Congratulations to Detroit Public Schools and Waterford School District for their USDA Farm to School Grant awards!!
A USDA press release regarding Midwest Region Farm to School grant awards follows and is attached.
Farm to Institution Specialist | Michigan Lead for National Farm to School Network
Center for Regional Food Systems | Michigan State University
480 Wilson Rd | Rm 303 Natural Resources Building | East Lansing, MI 48824
Chicago, IL, Dec. 2, 2014 – Agriculture Secretary Tom Vilsack today announced grants for 82 projects spanning 42 states and the U.S. Virgin Islands that support the U.S. Department of Agriculture’s (USDA) efforts to connect school cafeterias with local farmers and ranchers through its Farm to School Program. Of the 82 awards, fourteen awards are being given in the Mid-West region valued at $1,079,112.
“Community partners are coming together to ensure a bright and healthy future for students, and local farmers and ranchers,” said Vilsack. “These inspiring collaborations create long-term benefits for students, as they develop a meaningful understanding of where food comes from, and support our farmers and ranchers by expanding market opportunities for local and regional foods.”
Selected projects will serve school districts in Illinois, Indiana, Michigan, Minnesota, Ohio, and Wisconsin. Michigan awards are:
· Detroit Public Schools, School District of the City of Detroit
Detroit Public Schools Office of School Nutrition proposes a training program to develop members in high-tunnel farming, general farm management, and distribution and logistics of fresh produce. Ultimately, this program is designed to grow and distribute more local products to all 90 schools and create a model for other urban areas. High tunnel growing is a specialty method of growing that requires a different production processes than outdoor growing. Proper ventilation and soil management are key to the success in high tunnel growing and different from conventional farming. High tunnel growing can be beneficial in a farm to school program because it includes better heat gain, season extension, control of foliar diseases and an overall more controlled growing environment.
· Waterford School District
This project will institutionalize farm to school throughout the Waterford School District and the community. This will be accomplished by scaling up several initiatives already in place to varying degrees throughout the district, such as purchasing locally sourced, minimally processed foods; increasing the amount of locally sourced foods that are actually consumed by students; curricular integration of farm to school concepts; and experiential, hands-on learning in nutrition education and agriculture concepts.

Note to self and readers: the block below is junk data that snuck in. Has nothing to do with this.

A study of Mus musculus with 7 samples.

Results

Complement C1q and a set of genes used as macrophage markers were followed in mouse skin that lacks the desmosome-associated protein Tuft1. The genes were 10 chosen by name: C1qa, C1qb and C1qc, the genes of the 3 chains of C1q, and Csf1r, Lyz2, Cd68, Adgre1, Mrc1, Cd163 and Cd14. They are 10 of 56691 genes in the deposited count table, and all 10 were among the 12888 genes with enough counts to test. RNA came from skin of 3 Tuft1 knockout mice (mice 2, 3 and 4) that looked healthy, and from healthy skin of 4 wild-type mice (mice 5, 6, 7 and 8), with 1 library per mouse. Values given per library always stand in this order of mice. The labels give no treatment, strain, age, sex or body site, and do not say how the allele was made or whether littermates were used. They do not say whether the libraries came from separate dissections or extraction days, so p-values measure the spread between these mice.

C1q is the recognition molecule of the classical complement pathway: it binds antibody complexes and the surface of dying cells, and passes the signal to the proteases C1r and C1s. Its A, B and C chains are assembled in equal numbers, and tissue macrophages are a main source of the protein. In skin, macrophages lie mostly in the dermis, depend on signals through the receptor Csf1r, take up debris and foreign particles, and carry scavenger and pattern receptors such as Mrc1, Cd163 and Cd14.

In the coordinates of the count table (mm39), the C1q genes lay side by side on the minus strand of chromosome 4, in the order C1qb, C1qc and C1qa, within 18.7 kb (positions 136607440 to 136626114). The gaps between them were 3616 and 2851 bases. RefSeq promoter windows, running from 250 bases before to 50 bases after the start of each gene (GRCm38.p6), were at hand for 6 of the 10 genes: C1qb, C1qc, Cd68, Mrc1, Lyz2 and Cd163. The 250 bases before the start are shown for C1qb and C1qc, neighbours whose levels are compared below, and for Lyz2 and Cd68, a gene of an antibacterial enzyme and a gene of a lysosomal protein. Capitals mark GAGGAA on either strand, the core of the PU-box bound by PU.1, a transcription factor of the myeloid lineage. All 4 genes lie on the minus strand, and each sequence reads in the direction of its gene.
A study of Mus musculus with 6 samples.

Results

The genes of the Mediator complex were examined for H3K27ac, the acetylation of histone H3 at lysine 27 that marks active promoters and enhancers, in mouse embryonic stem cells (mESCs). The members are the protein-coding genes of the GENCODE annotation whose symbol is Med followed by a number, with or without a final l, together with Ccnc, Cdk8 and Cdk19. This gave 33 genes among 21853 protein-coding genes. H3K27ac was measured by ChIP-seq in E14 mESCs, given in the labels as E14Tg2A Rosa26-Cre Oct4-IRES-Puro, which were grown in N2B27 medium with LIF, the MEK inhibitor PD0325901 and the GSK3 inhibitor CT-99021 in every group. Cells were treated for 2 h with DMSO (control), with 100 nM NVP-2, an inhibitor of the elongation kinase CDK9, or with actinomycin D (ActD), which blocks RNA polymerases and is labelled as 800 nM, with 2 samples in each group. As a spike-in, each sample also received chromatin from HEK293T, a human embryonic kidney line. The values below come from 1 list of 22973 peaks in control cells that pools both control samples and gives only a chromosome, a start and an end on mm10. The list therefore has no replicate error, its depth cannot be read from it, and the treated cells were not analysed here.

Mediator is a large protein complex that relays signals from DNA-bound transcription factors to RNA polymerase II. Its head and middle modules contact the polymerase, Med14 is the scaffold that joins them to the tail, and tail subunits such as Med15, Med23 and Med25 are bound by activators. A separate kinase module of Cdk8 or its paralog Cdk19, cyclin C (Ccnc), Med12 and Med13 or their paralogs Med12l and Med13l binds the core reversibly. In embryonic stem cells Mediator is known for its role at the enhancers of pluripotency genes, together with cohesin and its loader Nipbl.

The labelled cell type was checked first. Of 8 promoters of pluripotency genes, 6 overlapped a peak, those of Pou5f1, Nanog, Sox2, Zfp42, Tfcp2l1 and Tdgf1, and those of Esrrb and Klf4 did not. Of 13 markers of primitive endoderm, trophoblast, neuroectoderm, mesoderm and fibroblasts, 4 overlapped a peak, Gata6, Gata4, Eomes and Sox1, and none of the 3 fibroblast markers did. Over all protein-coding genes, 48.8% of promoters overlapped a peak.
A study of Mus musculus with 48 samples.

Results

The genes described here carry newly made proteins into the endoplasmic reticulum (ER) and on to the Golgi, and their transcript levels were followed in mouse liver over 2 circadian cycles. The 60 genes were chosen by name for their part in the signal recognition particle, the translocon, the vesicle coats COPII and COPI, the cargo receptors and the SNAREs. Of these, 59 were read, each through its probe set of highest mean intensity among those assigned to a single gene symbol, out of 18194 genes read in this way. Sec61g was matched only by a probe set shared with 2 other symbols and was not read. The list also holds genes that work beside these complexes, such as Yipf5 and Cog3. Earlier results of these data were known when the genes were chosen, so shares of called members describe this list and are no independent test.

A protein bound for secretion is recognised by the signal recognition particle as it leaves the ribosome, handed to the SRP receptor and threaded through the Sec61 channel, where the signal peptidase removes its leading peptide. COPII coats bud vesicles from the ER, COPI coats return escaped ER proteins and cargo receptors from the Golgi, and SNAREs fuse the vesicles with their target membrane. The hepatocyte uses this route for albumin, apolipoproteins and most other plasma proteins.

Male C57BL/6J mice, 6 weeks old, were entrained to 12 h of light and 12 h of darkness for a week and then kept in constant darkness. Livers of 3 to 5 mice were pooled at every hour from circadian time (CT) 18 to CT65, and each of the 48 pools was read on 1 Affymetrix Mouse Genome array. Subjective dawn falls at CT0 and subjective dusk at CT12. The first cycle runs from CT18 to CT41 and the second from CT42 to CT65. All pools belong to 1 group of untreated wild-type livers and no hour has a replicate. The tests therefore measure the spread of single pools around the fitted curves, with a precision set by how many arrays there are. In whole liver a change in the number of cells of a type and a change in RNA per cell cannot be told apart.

The Farm to School Grants help schools respond to the growing demand for locally sourced foods and increase market opportunities for producers and food businesses, including food processors, manufacturers, and distributors. Grants will also be used to support agriculture and nutrition education efforts such as school gardens, field trips to local farms, and cooking classes.
USDA's Farm to School Program is made possible by the Healthy, Hunger-Free Kids Act of 2010, which authorized USDA to provide grants and technical assistance to help schools gain better access to local foods. It is also a core element of the USDA's Know Your Farmer, Know Your Food Initiative, which coordinates the department's work on local food systems.
USDA is focused on improving childhood nutrition and empowering families to make healthier food choices by providing science-based information and advice, while expanding the availability of healthy food.
· America's students now have healthier and more nutritious school meals due to improved nutrition standards implemented as a result of the historic Healthy, Hunger-Free Kids Act of 2010.
· USDA's MyPlate symbol and the resources at ChooseMyPlate.govprovide quick, easy reference tools for parents, teachers, healthcare professionals and communities.
· USDA awarded$5.2 million in grants to provide training and technical assistance for child nutrition foodservice professionals and support stronger school nutrition education programs.
· Since 2009, USDA has provided $160 million in kitchen equipment funding to states and schools. The President's fiscal year 2015 budget requests an additional $35 million for kitchen equipment grants. These grants are one of several ways that USDA is supporting schools as the implement the updated nutrition standards.
· USDA recently launched a pilot project, called Team Up for School Nutrition Success, which is working with schools to identify challenges, provide free, customized training, and match schools with mentors who have successfully addressed similar challenges.
Collectively these policies and actions are helping to combat child hunger and obesity, while improving the health and nutrition of the nation's children. For more information on USDA’s Farm to School Program, please visit www.fns.usda.gov/farmtoschool.
USDA is an equal opportunity provider and employer. To file a complaint of discrimination, write to USDA, Assistant Secretary for Civil Rights, Office of the Assistant Secretary for Civil Rights, 1400 Independence Avenue, S.W., Stop 9410, Washington, DC 20250-9410, or call toll-free at (866) 632-9992 (English) or (800) 877-8339 (TDD) or (866) 377-8642 (English Federal-relay) or (800) 845-6136 (Spanish Federal-relay).